HARKER HEIGHTS — Testimony and video from a fatal deputy-involved shooting of an unarmed Navy veteran in August reveals conflicting accounts of what led the deputy to fire his weapon, according to an investigation report released Wednesday.
Bell County Sheriff’s Cpl. Shane Geers shot and killed Lyle P. Blanchard, 59, of Harker Heights, after a failed traffic stop and pursuit Aug. 30 in the 12900 block of East Knights Way.
Geers was cleared of possible criminal charges by a Bell County grand jury Feb. 15, after the completion of the Texas Rangers investigation.
The Texas Department of Public Safety and Texas Rangers released the report and dashcam footage of the incident Wednesday — more than two months after the Herald originally asked for the evidence in a Texas Public Information Act request.
The investigation was conducted by Ranger Justin Duck and includes testimony from Geers, Duck and Ranger Jim Hatfield, the first Ranger to respond to the scene.
The testimonies show conflicting versions of what justification Geers used to fire his weapon, the timing of the shots and what words were exchanged between the deputy and Blanchard.
According to testimony transcribed in the report, Geers said Blanchard refused to respond to verbal commands after Blanchard stopped his vehicle and shouted obscenities at the deputy through his open driver’s-side window.
Geers left his emergency sirens on through the entirety of the incident, according to dashcam footage from Geers’ service vehicle. Despite this, Geers said his commands were clear, and he could hear what Blanchard yelled from approximately 40 yards away.
“(I) continued to loudly and clearly instruct him to show me his hands, as they were both not visible,” Geers said. “Instead of complying, the driver yelled other obscenities at me during my approach.”
Although Geers was wearing an on-body camera during the incident that is supposed to activate when the vehicle’s emergency lights are turned on, Geers said the camera did not activate and capture audio outside the vehicle.
According to the DPS, the dashcam audio could not be enhanced due to limitations in the department’s software. Because of this, it is unclear what Blanchard said to Geers in the footage.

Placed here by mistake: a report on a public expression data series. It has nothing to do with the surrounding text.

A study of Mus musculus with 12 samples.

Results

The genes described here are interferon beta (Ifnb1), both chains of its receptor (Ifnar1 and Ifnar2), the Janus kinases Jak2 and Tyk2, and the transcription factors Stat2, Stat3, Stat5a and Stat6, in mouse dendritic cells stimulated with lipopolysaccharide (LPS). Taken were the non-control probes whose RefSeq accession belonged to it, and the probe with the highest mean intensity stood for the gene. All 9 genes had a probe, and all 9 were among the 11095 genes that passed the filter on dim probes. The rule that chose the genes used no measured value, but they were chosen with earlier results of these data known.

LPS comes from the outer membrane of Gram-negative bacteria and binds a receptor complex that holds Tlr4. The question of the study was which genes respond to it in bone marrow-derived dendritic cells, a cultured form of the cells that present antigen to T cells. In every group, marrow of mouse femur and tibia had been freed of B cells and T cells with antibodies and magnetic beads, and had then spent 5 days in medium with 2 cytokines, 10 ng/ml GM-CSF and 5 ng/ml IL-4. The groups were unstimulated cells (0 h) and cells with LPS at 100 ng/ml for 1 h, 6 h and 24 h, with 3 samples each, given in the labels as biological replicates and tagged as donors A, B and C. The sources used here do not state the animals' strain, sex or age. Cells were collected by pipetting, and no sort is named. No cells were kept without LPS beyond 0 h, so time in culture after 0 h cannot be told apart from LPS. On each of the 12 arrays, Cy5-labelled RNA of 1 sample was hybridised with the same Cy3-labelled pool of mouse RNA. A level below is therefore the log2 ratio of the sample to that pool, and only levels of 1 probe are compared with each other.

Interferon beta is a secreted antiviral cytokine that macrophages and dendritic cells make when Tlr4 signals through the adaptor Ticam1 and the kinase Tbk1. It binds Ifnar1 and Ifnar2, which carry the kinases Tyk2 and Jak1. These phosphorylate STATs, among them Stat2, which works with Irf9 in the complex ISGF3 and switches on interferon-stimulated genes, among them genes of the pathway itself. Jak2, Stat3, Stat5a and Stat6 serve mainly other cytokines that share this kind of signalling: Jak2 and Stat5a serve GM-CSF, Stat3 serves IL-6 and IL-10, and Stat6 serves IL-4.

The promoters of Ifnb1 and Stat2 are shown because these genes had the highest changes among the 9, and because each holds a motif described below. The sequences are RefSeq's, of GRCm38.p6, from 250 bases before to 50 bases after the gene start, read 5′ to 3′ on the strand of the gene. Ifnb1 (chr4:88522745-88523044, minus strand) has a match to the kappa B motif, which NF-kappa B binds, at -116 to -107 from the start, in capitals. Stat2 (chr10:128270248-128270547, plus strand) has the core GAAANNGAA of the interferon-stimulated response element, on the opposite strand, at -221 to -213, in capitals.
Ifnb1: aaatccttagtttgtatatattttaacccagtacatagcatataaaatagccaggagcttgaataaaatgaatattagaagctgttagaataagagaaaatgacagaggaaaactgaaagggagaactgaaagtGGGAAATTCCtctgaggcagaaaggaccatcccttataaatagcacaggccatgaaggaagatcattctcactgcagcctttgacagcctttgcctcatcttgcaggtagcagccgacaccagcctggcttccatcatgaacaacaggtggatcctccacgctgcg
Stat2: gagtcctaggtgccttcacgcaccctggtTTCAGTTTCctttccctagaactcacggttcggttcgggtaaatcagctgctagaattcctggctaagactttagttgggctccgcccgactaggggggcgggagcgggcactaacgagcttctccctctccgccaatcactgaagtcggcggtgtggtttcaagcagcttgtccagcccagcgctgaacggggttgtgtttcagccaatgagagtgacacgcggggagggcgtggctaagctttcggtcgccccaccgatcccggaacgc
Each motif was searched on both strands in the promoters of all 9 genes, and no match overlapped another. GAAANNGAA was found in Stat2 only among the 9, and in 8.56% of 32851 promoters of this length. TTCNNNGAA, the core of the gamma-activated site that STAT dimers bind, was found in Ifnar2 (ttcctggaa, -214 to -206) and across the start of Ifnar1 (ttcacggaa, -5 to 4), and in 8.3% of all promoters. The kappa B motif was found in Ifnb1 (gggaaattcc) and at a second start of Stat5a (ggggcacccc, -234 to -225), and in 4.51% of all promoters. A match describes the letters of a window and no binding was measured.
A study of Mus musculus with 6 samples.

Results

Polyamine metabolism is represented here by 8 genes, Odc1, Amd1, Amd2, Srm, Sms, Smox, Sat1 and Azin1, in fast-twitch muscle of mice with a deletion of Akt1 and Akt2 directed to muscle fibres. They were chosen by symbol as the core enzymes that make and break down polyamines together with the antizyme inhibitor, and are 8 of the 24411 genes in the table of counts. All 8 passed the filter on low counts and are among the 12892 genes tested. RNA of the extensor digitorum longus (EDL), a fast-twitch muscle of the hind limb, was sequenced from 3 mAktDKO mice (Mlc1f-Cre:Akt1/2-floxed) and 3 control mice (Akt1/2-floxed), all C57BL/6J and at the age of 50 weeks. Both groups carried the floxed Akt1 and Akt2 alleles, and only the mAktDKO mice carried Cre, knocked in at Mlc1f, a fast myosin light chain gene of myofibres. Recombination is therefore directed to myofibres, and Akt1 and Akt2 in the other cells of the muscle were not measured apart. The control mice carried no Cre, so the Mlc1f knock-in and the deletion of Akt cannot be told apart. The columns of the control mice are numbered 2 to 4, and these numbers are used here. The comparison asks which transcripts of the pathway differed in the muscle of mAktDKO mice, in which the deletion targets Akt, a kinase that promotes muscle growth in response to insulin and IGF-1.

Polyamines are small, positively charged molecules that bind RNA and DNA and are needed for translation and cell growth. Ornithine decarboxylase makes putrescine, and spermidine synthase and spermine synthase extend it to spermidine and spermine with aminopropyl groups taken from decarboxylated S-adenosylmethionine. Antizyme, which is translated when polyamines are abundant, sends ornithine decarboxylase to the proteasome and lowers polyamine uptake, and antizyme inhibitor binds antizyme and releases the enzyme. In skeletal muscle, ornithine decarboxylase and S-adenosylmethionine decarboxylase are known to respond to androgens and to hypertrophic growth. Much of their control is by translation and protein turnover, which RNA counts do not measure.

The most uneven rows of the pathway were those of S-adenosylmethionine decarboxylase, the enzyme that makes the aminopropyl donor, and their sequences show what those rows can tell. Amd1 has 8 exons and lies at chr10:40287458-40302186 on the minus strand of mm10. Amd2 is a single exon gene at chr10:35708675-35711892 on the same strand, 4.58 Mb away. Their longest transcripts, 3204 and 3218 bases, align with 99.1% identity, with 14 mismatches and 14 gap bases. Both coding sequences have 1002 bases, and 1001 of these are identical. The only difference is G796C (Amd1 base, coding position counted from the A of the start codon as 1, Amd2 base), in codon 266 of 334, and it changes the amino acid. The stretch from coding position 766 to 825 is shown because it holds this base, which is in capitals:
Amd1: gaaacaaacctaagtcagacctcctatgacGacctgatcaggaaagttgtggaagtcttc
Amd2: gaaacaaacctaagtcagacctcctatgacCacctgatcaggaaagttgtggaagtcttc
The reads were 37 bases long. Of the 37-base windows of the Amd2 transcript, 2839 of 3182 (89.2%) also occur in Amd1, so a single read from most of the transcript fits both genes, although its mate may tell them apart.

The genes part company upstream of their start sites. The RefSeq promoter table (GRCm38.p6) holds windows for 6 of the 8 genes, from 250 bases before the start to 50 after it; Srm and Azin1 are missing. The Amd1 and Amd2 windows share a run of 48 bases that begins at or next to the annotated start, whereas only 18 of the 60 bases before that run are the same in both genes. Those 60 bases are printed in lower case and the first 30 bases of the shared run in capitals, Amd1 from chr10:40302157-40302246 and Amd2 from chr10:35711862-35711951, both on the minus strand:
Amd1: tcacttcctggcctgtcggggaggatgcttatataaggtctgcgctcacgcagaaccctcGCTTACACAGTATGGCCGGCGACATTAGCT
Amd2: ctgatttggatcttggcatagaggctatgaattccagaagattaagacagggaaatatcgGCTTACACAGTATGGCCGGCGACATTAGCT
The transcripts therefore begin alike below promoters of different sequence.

While approaching Blanchard’s vehicle, Geers testified he could not see into the interior of Blanchard’s 2010 Honda Pilot and was unsure if other passengers were inside the vehicle.
Soon after stopping, Blanchard exited his vehicle and turned to face Geers. According to Geers, Blanchard stepped from his vehicle with his left arm behind his back in a way that threatened Geers and led him to fire his weapon eight times at Blanchard, striking him four times.
“I yelled as loud as I could to show me his hands and I saw his arm coming forward from his lower back waist as if he were bringing a gun out and up,” Geers said. “Although I did not clearly see his hand, I felt like he had to have a gun in it by the motion he made, and it appeared to me that he was pulling a gun on me.”
The dashcam footage shows Blanchard appearing to step from the vehicle with his left arm behind his back momentarily, then move both hands toward his front right cargo shorts pocket. While Blanchard reached inside that pocket, Geers fired his weapon.
In the first paragraph of the report, Duck says Geers fired his weapon due to the second motion — Blanchard reaching into his pocket — rather than having his hand behind his back.
Hatfield’s testimony supports Geers’ testimony, saying Geers at first approached Blanchard’s vehicle then retreated back to his own after Blanchard rolled his driver’s side window up.
Hatfield also corroborates Geers’ testimony on his justification, saying Geers fired his first shot “as Blanchard’s hand began to come around his back.”
However, video footage shows at least a second between the time Blanchard’s hand becomes visible and when Geers fired his first shot.
After Blanchard fell to the ground, Geers approached Blanchard nearly three minutes later and checked his right waistband and right front pocket and then his left waistband for a weapon.
After the incident, Bell County Sheriff Eddy Lange told media representatives gathered at the scene that Geers shot Blanchard during a “gunbattle” between the two.
Geers’ testimony to the Rangers was provided some time after the incident and does not mention an exchange of gunfire. Lange’s statement was not part of the report.
A Herald request for the department’s internal review of the incident, which could contain on-scene testimony from Geers with potential conflicting information, was sent to Texas Attorney General Ken Paxton’s office for a disclosure ruling Feb. 23.
A stipulation of the Texas Public Information Act allows law enforcement departments to withhold investigation reports that do not return a criminal conviction. The department has not said why it wants to withhold the information.
Rob Ranco, a lawyer representing the Blanchard estate in a federal civil suit against Geers, said Wednesday the footage and report show Geers and law enforcement involved in the case were dishonest in their retelling of the incident.
“Contrary to what is written in the report, (Blanchard) does not conceal his hand behind his back at any time,” Ranco said.
Editor's Note: A correction was made to amend a quote and address a mistake. Hatfield and Geers' testimony agree on Geers backing away toward his vehicle prior to firing his weapon.